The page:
Djiboutian President Ismail Omar Guelleh cites Afghanistan as a warning for Somalia. In a recent interview, the President commented on Somalia’s request regarding a three-month extension of the 2nd phase drawdown of the African Union Transition Mission in Somalia (ATMIS) troops and whether Djibouti supports this request.
Djibouti City, DJIBOUTI. By Dalmar:
Djiboutian President emphasized the significance of the upcoming months. He warned that without proper preparation, Somalia could face a situation similar to Afghanistan when American troops withdrew from the country. He stated that if the drawdown proceeds hastily, the hopes of the Somali people will be dashed even further.
When asked if he supports the extension, President Guelleh agreed that Somalia needs to keep the African troops for at least three more months. This raises doubts about the progress of the Somali Transitional Plan (STP). The plan aims to transfer security responsibilities to the Government of Somalia by December 2024. Djibouti is one of the crucial Troops Contributing Countries (TCC) in Somalia. The President’s concerns raise questions about the feasibility of the troop withdrawal timeline.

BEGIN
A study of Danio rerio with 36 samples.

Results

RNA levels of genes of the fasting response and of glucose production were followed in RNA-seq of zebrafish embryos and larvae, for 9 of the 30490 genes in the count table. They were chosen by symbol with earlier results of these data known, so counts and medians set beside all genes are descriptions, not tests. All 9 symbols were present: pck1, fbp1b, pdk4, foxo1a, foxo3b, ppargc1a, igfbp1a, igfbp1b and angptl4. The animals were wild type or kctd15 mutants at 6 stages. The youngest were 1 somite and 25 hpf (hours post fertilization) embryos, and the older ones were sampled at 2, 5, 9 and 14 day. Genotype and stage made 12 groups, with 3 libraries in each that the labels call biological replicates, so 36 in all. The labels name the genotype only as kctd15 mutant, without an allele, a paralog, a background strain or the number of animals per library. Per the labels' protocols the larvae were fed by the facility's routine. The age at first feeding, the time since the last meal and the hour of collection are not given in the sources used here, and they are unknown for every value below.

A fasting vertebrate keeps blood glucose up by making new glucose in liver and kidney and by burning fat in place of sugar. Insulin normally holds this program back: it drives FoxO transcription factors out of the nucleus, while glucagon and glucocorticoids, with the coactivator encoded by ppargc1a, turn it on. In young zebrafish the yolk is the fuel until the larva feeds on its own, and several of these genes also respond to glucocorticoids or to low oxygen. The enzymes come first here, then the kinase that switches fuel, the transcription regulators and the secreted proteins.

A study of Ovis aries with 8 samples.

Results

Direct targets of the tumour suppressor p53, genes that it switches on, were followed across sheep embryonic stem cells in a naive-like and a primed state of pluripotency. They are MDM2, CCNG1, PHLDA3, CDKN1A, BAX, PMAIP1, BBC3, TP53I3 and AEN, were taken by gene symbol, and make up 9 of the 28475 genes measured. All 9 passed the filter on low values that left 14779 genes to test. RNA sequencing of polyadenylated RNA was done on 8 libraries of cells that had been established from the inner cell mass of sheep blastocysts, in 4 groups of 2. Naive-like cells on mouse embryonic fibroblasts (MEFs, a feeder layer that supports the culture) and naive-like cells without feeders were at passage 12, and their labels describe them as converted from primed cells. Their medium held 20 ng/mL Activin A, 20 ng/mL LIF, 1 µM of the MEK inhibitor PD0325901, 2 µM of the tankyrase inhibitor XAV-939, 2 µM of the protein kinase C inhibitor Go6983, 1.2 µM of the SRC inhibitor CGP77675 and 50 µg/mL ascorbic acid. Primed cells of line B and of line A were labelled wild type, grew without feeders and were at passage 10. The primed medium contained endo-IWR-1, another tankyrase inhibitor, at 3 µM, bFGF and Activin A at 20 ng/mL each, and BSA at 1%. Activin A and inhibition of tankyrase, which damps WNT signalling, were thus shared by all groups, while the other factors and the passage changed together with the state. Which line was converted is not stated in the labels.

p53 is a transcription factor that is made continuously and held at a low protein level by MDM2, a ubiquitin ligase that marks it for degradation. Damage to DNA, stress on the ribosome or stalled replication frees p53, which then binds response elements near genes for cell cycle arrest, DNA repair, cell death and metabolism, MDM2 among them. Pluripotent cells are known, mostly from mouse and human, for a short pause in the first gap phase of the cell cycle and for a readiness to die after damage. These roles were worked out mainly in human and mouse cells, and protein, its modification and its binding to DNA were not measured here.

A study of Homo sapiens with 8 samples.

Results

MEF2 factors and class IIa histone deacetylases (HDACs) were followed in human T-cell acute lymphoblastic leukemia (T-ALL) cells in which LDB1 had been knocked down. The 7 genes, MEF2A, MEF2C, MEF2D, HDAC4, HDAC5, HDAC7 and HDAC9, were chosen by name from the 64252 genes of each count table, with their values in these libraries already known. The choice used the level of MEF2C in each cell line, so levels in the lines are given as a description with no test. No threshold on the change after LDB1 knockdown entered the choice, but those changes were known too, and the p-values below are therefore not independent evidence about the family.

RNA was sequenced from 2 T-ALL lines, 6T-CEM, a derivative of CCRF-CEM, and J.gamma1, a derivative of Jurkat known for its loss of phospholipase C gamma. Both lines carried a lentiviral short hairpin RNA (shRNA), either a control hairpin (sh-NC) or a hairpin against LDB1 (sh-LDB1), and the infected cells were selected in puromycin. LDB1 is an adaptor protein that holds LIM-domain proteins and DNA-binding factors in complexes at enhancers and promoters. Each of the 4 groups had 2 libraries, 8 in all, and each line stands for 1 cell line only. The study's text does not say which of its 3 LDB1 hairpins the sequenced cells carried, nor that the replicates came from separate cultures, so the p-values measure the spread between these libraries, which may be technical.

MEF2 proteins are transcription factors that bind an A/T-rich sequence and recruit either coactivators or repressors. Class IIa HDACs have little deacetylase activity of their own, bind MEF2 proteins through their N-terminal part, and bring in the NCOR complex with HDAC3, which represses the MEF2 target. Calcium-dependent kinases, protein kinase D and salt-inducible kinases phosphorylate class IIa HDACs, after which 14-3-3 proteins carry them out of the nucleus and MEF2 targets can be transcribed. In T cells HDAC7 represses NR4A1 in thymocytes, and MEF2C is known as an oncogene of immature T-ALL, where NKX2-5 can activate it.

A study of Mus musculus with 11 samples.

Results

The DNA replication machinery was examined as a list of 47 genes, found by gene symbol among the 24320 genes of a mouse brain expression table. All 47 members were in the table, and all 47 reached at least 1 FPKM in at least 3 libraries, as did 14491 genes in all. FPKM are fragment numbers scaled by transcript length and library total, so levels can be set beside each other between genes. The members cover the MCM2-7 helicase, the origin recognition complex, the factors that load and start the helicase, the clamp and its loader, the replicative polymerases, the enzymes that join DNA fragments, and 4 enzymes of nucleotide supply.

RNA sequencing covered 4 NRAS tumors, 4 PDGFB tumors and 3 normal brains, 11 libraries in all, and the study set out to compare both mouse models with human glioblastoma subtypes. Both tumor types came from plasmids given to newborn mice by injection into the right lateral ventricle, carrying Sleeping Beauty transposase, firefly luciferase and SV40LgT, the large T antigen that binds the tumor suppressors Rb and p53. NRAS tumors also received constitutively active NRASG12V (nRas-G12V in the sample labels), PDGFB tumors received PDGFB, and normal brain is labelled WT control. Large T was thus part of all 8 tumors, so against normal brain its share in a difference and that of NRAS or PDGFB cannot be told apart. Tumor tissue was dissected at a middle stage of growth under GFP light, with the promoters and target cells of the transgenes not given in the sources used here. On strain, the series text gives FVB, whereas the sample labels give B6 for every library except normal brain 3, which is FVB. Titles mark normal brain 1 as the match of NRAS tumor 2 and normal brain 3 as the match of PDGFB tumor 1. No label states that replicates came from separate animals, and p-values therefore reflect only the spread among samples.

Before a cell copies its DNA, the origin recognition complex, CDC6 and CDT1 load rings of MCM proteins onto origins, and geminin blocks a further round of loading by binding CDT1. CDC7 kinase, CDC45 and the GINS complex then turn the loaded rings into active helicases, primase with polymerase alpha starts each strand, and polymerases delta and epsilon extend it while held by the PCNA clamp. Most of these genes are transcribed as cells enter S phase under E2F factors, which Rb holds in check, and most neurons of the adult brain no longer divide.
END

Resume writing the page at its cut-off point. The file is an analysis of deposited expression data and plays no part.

Preventing security vacuum
The ATMIS drawdown and the subsequent handover of security responsibilities to the Somali government are critical steps in Somalia’s long-term stability and peace-building efforts. President Guelleh’s comments highlight the need for careful planning and coordination to prevent any security vacuums that al-Shabaab could exploit.
The voices of TCCs, such as Djibouti, should be considered during the decision-making process. It is essential to prioritize the security and stability of Somalia while also addressing the concerns of regional stakeholders. Finding a balanced approach that allows for a responsible drawdown while maintaining security gains is paramount for the success of the Somali Transitional Plan and long-term stability in Somalia.
Hassan Sheikh in Djibouti
Somali President Hassan Sheikh Mohamud visited Djibouti two weeks ago to seek support for his country in the fight against al-Shabaab. Djibouti, a close ally and a neighbour, has been a steadfast partner in Somalia’s counterterrorism efforts. It actively contributed troops to ATMIS, playing a pivotal role in Somalia’s security landscape.
The discussions between Hassan Sheikh and Omar Guelleh revolved around Somalia’s request for the three-month postponement of the drawdown of the Djiboutian troops. The withdrawal has been a contentious issue.